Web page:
Challenges for UK industry

As Tata Steel’s Port Talbot plant faces closure, recent industry news is focusing on the challenges for UK manufacturing.

To date, more than 120,000 people have signed Jeremy Corbyn’s petition calling for Parliament to be recalled early, to discuss the fate of steelmaking and demanding the government acts immediately to “protect the steel industry and the core of manufacturing in Britain”.

But the issue may be beyond Parliament’s control. China’s biggest listed steelmaker has said it expects to increase output by 20% in 2016, reports The Guardian. This glut of supply combined with cheap imports makes it impossible for UK industry to compete.

The Spectator argues that Britain has the highest energy costs in Europe, thanks to decisions taken not in Brussels but in Whitehall. It is not the Chinese who are to blame.

Rather, homegrown energy costs hugely penalise UK industry, but don’t create meaningful carbon reductions compared with bigger industrial countries, which fail to push their industrial energy use down similarly.

The question is, must leadership on industrial energy penalties and carbon shoot UK industry in the foot?

Budget 2016

 The Carbon Reduction Commitment is gone, and the Climate Change Levy will increase from 2019, reports Carbon Brief.

‘This will make up for the loss in revenue that comes from abolishing the Carbon Reduction Commitment, and should continue to incentivise energy efficiency among businesses,’ reads its analysis. This being the case, a further uptick in activity in buildings energy management should be on the cards.

Demand side response, energy storage and smart tech also get £50m. All in all, new tech across energy management and the smart grid should be incentivised by the Chancellor’s moves.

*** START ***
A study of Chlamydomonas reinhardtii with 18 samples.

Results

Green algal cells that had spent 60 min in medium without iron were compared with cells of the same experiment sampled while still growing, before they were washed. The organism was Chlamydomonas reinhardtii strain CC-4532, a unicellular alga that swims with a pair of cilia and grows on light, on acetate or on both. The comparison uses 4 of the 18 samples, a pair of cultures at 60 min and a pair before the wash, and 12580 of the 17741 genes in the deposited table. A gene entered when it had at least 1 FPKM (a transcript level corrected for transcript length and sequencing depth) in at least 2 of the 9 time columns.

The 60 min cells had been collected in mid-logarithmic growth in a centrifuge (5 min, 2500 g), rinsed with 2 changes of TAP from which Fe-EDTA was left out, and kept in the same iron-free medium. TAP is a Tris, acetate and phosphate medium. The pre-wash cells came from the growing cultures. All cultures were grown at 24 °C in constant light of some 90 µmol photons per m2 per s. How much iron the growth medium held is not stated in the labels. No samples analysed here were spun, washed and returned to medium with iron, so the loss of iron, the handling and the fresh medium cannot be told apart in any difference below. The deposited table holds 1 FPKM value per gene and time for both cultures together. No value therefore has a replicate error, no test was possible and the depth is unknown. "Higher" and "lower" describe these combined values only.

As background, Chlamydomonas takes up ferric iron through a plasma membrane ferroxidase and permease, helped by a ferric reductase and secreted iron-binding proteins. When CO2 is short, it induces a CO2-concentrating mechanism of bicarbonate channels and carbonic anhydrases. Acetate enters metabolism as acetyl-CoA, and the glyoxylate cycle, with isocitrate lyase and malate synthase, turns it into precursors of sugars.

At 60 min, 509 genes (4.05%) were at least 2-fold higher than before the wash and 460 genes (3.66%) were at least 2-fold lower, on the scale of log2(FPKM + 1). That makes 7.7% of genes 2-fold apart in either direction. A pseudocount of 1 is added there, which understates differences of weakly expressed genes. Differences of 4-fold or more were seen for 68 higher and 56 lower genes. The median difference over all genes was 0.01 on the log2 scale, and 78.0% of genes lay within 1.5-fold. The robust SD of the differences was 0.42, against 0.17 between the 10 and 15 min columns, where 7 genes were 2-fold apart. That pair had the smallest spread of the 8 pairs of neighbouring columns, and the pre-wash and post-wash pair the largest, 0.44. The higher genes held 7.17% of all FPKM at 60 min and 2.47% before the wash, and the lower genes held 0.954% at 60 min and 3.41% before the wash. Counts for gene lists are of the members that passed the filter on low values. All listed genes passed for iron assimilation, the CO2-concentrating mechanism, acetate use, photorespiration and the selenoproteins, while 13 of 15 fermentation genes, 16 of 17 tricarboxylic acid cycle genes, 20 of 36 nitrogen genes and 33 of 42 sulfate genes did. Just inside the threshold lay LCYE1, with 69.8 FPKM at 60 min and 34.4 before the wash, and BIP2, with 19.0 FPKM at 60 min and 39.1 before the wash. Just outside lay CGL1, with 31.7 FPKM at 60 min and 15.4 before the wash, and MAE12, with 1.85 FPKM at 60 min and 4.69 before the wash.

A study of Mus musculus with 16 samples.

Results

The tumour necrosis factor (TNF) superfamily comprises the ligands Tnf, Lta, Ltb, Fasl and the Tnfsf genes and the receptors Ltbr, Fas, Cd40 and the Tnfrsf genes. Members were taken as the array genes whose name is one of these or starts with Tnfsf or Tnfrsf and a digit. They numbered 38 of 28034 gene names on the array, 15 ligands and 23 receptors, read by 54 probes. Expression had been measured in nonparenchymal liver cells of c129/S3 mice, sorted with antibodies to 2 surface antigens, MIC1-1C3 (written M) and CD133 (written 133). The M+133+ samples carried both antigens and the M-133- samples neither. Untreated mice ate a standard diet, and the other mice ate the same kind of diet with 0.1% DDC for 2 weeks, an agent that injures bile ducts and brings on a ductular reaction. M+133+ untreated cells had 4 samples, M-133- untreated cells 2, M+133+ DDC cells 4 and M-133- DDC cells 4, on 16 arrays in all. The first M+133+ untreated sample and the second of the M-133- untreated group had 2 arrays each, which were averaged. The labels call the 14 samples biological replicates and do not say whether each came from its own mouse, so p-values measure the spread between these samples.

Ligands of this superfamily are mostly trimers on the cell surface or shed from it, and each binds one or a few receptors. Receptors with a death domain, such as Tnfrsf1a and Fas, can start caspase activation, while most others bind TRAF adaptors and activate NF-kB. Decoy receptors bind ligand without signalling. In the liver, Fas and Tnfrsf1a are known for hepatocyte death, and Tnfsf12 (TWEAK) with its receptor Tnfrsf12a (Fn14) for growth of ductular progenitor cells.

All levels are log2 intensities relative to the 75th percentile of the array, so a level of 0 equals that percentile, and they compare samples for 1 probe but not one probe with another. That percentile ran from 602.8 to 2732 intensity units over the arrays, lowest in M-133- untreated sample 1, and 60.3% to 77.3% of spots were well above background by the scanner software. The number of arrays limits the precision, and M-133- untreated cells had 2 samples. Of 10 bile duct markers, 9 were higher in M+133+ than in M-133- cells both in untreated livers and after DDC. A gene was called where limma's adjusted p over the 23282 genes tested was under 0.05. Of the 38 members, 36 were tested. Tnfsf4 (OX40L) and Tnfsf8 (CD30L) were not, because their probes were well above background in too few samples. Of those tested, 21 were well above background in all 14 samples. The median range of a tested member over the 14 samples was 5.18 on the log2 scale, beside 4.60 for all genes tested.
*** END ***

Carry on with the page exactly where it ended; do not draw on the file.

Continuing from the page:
The budget also laid out an, ‘ample package of support for the oil and gas industry, which has faltered under the plunging oil price over the past 20 months,’ said Carbon Brief.

Hinkley Point ongoing saga

The Guardian has found that the Hinkley Point C nuclear deal contains a £22bn ‘poison pill’ for taxpayers. It appears the Government has offered EDF the £22 billion to reduce EDF’s risk on the project, while exposing its own taxpayers.

Meanwhile, the long awaited Final Investment Decision (FID) on Hinkley remains unconfirmed. Vincent de Rivaz, the CEO of EDF Energy, said in March that the Hinkley Point C project will “clearly and categorically” go ahead.

He told the UK parliament’s Energy and Climate Change Committee the repeatedly postponed FID on the project would finally be made by early May.

Therefore, the majority of recent news and policy majors on energy costs and industry challenges, Budget reaction and the seemingly endless UK nuclear dilemma.